Pitch bend

• Feb 21, 2020 - 05:36

A. When applying 'bend' to a single note, what is the significance of the Length?
B. Is the minimum adjustment 1/4 tone? I don't know what kind of music this is meant for (oriental?),
but I can't see how the dissonance would be pleasing.
C. Why would you 'bend' a half or whole tone - instead of just changing the note?
D. The Guide does not mention any purpose for using this; the only purpose for bending,
in my experience (4-part harmony) would be for tuning a chord better, and that would only be
an adjustment of a few cycles (440 to 435) Is this not possible in MuseScore?


In reply to by gldodge

The answers are sort of wrapped up in the fact that this is meant to convey a bluesy sound. So, why do it? To sound bluesy. Playing a D instead of on your guitar is very different from playing a C then stretching the string gradually to raise the pitch to D. In theory you can bend any amount you want, but indeed, the symbol shows bends rounded off to 1/4 step increments. People don’t actually attempt to bend pitches with more precision than that. Not sure what you mean by “length” in this context.

In reply to by Marc Sabatella

"Length" is one of the Bend settings; as I understand your answer that would mean the duration of the bending. --which leaves me with one other observation, if I am correct: Except for a 1/4 tone bend, the only difference in bend and a glissando would be that 'glisses' are used for longer 'stretches." No reply nec. unless I'm way off.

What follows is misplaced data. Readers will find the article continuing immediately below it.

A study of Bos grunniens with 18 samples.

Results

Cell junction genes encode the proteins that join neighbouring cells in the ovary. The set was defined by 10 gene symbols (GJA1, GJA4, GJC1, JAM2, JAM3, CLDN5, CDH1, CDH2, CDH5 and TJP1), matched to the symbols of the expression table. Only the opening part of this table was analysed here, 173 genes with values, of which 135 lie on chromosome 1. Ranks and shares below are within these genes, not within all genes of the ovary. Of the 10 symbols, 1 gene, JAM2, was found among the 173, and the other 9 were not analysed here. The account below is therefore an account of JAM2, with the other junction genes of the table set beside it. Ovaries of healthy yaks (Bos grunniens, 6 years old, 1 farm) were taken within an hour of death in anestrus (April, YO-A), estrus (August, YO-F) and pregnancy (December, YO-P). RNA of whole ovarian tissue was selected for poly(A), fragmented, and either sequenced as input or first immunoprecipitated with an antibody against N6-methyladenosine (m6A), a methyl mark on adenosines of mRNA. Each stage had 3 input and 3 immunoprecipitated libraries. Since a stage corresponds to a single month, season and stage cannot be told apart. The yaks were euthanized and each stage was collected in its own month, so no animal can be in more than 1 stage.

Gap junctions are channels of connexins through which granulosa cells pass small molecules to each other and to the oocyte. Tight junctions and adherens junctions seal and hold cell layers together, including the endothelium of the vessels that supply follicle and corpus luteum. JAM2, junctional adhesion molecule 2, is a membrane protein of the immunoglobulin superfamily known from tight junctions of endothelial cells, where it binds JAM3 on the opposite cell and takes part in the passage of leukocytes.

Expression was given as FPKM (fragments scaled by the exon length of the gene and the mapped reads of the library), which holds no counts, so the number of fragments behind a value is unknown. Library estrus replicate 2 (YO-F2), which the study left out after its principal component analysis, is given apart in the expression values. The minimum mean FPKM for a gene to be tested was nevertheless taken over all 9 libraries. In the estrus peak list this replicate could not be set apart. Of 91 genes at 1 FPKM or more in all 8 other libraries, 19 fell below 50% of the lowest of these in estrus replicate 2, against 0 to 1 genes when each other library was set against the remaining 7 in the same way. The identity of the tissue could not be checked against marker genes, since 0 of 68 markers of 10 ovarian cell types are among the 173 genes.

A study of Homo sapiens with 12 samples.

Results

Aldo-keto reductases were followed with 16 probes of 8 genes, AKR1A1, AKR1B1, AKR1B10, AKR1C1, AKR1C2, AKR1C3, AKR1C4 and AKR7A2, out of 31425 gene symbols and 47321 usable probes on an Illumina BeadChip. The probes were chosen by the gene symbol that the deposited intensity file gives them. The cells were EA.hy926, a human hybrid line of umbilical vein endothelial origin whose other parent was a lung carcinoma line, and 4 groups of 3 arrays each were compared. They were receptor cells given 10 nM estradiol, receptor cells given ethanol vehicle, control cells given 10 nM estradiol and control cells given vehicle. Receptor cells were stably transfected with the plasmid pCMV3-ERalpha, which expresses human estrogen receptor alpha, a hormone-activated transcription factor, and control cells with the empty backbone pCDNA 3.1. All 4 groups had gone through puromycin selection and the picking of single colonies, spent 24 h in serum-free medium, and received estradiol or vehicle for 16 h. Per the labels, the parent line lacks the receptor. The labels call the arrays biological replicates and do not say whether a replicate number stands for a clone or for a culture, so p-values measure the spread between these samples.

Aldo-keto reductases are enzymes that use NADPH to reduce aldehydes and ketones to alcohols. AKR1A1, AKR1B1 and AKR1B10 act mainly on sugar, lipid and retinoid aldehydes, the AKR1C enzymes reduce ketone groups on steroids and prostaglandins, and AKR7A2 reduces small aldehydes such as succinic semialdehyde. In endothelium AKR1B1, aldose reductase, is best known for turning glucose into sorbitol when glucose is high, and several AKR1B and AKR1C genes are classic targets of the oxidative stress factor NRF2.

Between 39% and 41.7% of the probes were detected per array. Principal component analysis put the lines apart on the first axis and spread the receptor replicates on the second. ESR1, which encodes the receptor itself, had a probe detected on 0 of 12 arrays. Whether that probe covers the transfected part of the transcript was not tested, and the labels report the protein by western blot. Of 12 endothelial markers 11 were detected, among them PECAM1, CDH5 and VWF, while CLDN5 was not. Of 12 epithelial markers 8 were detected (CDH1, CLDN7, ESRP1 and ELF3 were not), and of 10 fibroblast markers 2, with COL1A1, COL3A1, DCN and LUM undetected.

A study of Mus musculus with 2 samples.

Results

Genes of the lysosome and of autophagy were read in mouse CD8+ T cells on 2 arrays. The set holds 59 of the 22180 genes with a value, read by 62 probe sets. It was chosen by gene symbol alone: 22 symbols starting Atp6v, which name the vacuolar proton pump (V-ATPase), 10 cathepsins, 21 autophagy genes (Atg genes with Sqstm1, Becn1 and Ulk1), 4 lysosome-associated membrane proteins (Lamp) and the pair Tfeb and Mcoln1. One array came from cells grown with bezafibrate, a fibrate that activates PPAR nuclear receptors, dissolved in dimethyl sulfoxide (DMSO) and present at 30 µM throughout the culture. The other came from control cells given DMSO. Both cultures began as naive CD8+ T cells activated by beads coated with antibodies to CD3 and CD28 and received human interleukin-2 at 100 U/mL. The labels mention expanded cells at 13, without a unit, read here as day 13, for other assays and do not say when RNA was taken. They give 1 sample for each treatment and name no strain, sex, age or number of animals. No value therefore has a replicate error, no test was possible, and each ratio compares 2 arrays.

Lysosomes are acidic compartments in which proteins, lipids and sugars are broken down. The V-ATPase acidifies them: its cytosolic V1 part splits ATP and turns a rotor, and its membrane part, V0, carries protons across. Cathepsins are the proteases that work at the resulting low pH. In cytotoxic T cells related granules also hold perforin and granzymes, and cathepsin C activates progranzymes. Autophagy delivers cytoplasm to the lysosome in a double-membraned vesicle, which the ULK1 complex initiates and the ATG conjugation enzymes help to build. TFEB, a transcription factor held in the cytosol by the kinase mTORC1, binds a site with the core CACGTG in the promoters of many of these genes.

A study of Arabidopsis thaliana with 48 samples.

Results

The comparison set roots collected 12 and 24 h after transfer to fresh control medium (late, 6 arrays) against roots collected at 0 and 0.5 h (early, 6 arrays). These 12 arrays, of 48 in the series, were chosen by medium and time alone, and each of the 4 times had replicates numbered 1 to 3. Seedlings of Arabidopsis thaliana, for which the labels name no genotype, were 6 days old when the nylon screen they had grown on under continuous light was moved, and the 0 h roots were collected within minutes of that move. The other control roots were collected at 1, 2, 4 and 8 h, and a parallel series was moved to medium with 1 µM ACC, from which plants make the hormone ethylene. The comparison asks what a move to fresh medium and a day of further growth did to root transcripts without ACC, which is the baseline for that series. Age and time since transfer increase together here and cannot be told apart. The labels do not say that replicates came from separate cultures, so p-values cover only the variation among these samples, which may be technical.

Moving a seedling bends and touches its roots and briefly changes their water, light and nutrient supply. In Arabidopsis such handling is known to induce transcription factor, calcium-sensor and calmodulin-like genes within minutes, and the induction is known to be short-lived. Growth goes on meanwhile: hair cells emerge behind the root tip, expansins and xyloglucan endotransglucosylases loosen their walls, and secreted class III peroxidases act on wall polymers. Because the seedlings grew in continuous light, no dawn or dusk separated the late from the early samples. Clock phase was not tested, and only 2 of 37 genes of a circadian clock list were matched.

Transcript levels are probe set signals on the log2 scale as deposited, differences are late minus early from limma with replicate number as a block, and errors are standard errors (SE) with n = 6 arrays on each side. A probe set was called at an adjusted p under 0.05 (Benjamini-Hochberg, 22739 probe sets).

In reply to by gldodge

I am not seeing this "Length" setting, not sure where you are seeing it.

Bends and glissandos are physically dfifferent techniques. On guitar, a glissando from note to another means sliding your finger along the fretboard. Or, on a wind instrument, literally fingering the interim pitches. A bend on guitar is a matter of pulling the string without changing the fret. Or, on a wind instrument, adjusting your embouchure.

Bends and glissandos are also different in that the glissando is for connected two notes with a clear start and end point, bends are just something you do with a single note and it can go both up and down on the same note. For instance, a gliss from G to A lands on the A at exactly the moment it is notated. A whole step bend up from G lands on the A somewhere within that point but may never totally cleanly hit it.

So really, they are more different than similar.

In reply to by gldodge

Oh, so you don't mean a specific setting called length, you mean you are wondering what the documentation means when it refers to other things affecting length. Length in that context means the actual size of the symbol in the score, and it's also meant to imply something about how quick you actually bend the note when playing it.